Interview with Adam Rieger of Elf Power
Elf Power plays The Vera Project Wednesday. [You can read a review of their last show in Seattle here.] They are on tour with a new record. It’s got that mesmerizing Elf Power indie rock sound, the melodies familiar yet distinct, the vocals subdued yet strong, the lyrics grounded yet mystical. Got a chance to catch up with Andrew Rieger and chat about the making of their new record – interesting how they combined both studio and home recording. Also chatted about the narrator of the songs, although Andrew didn’t reveal much.
Artofthemix: Hey Andrew how is it going?
Andrew Rieger: Good - how are you?
Artofthemix: Oh good, it’s rainy here. We’ve had this Indian summer in Seattle and it’s still warm out but it’s been raining non-stop.
Andrew Rieger: Yeah that’s not unusual for you guys I guess. [laughs]
Artofthemix: Yeah, the rains are here. Fall is here. Where you at right now?
Andrew Rieger: I am in Charlottesville, Virginia. We are on tour and tonight we are in Charlottesville. Everything is going fine right now. I just stepped out and I am walking down the street talking to you.
Artofthemix: Nice, nice. How’s the weather out in Virginia right now?
Andrew Rieger: It’s beautiful. I am wearing a short sleeve shirt and feels great. It’s a little breezy but it’s not cold, very nice.
Artofthemix: So you guys got a new record out.
Andrew Rieger: Yeah it just came out a couple of weeks ago.
Artofthemix: Tell me more: I would love to hear more about who produced it and kind of how you guys made it, how you went about making it. Was it a long process or short process?
Andrew Rieger: It was a long process. We spend about 8 or 9 months writing and rehearsing and coming up with arrangements in songs. That’s a little longer than we usually take. Sometimes we have written the majority of the songs and acoustic demos and brought them to the band and then we work up arrangements together. But this time I did some of that but also some of the other band, they brought music and I would write vocal melodies and lyrics to their music. Thi was really fun and something different and kind of challenging for me. Then sometimes we would just make up stuff. I would come in with may be five minutes of song and we would work it into a full song and other times we have full song but it didn’t turn out that great. So we would take one part from it and put it into another song. So it was a long process of just pulling through tons of different music and coming up with 12 songs we really liked.
Artofthemix: Well the production is super pretty. There’s some a lot going on some of the tracks, flutes and various over dubs. It’s a rich production.
Andrew Rieger: Yeah we approached the recording differently than we have done in the past. We recorded the basic tracks with Andy LeMaster at Chase Park Transduction, which is a nice professional studio in Athens. Then we took those tracks home and spent a lot of time experimenting and trying different things. Having more time to just experiment, to try indulge any kind of whim we casually felt.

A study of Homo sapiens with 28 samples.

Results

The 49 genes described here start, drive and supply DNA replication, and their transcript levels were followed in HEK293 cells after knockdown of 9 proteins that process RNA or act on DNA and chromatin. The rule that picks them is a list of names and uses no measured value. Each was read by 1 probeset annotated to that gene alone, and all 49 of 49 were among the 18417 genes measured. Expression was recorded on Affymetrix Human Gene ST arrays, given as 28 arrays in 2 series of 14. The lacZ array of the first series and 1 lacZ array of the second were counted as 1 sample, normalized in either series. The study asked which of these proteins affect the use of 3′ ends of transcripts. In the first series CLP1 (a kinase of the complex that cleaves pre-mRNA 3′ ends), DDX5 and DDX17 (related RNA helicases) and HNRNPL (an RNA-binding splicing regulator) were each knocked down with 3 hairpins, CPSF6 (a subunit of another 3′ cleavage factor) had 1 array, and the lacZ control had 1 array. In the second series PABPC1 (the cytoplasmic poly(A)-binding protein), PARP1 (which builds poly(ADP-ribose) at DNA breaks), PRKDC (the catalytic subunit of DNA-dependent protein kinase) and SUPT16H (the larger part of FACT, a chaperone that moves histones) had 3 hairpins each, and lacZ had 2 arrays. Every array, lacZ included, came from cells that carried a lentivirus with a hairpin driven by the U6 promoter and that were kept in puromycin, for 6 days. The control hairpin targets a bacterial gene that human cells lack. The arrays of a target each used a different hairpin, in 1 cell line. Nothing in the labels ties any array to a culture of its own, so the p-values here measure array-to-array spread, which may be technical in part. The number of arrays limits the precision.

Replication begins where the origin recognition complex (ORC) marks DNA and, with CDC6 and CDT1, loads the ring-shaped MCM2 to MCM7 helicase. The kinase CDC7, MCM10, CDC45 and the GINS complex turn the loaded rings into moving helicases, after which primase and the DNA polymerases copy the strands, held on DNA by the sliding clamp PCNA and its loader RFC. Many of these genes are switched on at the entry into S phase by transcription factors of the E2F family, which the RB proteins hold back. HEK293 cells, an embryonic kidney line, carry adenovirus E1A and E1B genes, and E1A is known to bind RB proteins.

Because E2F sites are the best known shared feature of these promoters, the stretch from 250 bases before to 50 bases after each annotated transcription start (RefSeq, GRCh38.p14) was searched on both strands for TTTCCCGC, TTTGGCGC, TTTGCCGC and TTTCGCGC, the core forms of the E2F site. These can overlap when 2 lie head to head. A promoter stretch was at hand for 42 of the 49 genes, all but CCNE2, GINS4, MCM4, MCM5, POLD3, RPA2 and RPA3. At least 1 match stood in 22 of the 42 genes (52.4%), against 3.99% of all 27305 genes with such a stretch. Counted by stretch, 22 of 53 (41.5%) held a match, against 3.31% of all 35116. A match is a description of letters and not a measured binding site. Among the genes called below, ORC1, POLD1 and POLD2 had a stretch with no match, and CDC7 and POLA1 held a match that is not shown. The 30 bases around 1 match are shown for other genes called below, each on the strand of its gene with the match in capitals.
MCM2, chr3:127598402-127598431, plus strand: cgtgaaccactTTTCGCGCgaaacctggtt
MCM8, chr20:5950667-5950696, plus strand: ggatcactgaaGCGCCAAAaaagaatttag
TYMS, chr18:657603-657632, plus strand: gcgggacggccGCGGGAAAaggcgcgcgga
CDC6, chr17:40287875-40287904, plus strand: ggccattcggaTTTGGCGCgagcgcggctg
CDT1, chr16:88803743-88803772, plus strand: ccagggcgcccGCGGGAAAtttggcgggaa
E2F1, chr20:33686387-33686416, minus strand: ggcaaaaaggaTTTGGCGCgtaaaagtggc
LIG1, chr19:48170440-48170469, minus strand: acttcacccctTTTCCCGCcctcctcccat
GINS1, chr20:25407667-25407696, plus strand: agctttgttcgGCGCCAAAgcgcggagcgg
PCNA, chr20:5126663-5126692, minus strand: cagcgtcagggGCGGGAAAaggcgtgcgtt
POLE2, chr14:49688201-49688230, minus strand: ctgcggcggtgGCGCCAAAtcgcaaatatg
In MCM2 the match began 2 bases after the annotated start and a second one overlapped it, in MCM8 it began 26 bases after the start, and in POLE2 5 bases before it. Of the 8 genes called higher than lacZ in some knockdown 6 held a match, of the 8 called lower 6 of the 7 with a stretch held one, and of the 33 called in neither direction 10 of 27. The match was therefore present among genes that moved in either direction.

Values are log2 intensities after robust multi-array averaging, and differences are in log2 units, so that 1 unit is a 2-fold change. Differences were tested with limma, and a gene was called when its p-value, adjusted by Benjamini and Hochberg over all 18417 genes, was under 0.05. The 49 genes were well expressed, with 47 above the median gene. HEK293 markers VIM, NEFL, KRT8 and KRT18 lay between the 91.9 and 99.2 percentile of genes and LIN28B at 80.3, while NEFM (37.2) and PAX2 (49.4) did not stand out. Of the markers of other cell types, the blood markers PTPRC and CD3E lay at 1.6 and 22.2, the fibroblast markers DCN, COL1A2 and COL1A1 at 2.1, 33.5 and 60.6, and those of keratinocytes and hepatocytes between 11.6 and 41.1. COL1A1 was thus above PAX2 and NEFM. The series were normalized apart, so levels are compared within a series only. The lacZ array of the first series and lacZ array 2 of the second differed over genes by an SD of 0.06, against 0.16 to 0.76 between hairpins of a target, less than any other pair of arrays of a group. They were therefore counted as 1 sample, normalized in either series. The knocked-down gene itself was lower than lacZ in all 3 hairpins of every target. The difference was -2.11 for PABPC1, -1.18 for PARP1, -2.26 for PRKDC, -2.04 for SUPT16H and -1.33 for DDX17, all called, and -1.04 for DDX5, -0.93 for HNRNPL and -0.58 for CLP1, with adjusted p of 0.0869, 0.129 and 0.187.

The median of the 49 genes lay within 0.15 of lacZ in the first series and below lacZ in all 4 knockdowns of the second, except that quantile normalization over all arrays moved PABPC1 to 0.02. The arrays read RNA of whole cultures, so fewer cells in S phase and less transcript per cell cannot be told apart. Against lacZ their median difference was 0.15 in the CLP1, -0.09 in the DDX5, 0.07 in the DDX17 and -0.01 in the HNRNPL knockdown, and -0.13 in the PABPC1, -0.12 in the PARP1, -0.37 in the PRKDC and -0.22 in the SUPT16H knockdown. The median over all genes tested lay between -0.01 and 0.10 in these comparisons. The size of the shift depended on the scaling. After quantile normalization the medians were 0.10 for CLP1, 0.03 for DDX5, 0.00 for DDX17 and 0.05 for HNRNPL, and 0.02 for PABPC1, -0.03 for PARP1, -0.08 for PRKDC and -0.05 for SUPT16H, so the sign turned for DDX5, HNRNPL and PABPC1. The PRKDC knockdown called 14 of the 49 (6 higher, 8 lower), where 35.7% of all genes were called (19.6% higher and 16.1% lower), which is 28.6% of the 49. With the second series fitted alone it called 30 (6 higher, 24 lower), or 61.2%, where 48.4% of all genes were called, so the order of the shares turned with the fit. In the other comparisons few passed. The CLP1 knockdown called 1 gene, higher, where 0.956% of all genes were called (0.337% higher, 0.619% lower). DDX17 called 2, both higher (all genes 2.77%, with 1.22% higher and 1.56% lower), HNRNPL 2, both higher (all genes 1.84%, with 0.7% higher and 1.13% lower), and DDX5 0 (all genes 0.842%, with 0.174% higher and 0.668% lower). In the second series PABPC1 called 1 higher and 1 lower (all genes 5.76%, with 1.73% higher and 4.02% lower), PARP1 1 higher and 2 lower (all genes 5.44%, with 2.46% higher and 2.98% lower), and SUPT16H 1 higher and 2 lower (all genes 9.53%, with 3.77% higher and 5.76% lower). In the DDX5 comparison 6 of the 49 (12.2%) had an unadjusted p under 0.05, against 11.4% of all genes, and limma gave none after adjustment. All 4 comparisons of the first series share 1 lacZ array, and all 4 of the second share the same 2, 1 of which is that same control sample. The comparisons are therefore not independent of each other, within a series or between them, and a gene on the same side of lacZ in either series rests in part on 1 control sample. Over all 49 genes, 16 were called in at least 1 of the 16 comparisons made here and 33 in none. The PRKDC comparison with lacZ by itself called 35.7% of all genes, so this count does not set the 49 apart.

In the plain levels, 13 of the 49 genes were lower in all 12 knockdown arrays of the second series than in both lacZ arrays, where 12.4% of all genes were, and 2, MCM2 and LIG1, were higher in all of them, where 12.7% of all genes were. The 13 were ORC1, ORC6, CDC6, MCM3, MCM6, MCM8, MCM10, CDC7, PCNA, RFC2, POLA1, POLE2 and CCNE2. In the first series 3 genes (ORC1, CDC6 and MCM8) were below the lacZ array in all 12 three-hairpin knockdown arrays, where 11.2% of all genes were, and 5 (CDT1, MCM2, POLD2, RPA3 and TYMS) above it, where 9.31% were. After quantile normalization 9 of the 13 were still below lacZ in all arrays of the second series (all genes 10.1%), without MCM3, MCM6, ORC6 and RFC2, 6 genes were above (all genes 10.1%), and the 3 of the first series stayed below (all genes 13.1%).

Artofthemix: Oh interesting. You didn’t have the pressure of being on the clock in the studio!
Andrew Rieger: Exactly. We took everything back to the professional studio and mixed and mastered it there. So it’s kind of perfect mix between recording in a professional studio setting and also having the freedom and the time to try all the different things in the home recording setting. So yeah it was cool and definitely a different way of doing things for us.
Artofthemix: On the production front then is that Pro Tools you are using at the home studio or are you analog? How does that all come together?
Andrew Rieger: Well when we were at the professional studio we did everything on tape and then threw it on the computer and then we used Pro Tools at the home studio so it was a mix of analog and digital. The stuff we did at the home studio was all digital recording.
Artofthemix: I have to ask you because I have been listening to your songs for many years now and there is this certain narrator that seems to come up in your songs so often. The I, the first person. I am just curious, who is that? Who is this character, has he or she evolved over the years, can you speak to this narrator.
Andrew Rieger: Well I guess it is just me.
Artofthemix: So it is you then.
Andrew Rieger: I guess it is just me or whatever kind of character I am creating in whatever scenario is in the song. But you know it is pretty much just me I guess. There is no weird serious character or alter ego for fun. I mean I guess I am just singing it all myself and my life. It will be sometimes in a veiled and abstract manner.
Artofthemix: Right well, that’s funny you call it veiled because a lot of the time the songs are about taking away veils and opening up doors and going up stairs that you didn’t know were there and peering into dimensions that you weren’t aware of.
Andrew Rieger: I like to let listener kind of decide what the lyrics are about sometimes and I will try to not make it to straight forward and literal although sometimes I like to try to tell a story as well.
Artofthemix: I always feel like I end up on some sort of journey in your songs. So what did you have for breakfast this morning?
Andrew Rieger: For breakfast this morning, I had an egg and cheese everything bagel with fake bacon at a place called, Cajun’s Peacock, in Greenville, North Carolina. I’m sure that’s fascinating for your listeners but it’s the truth.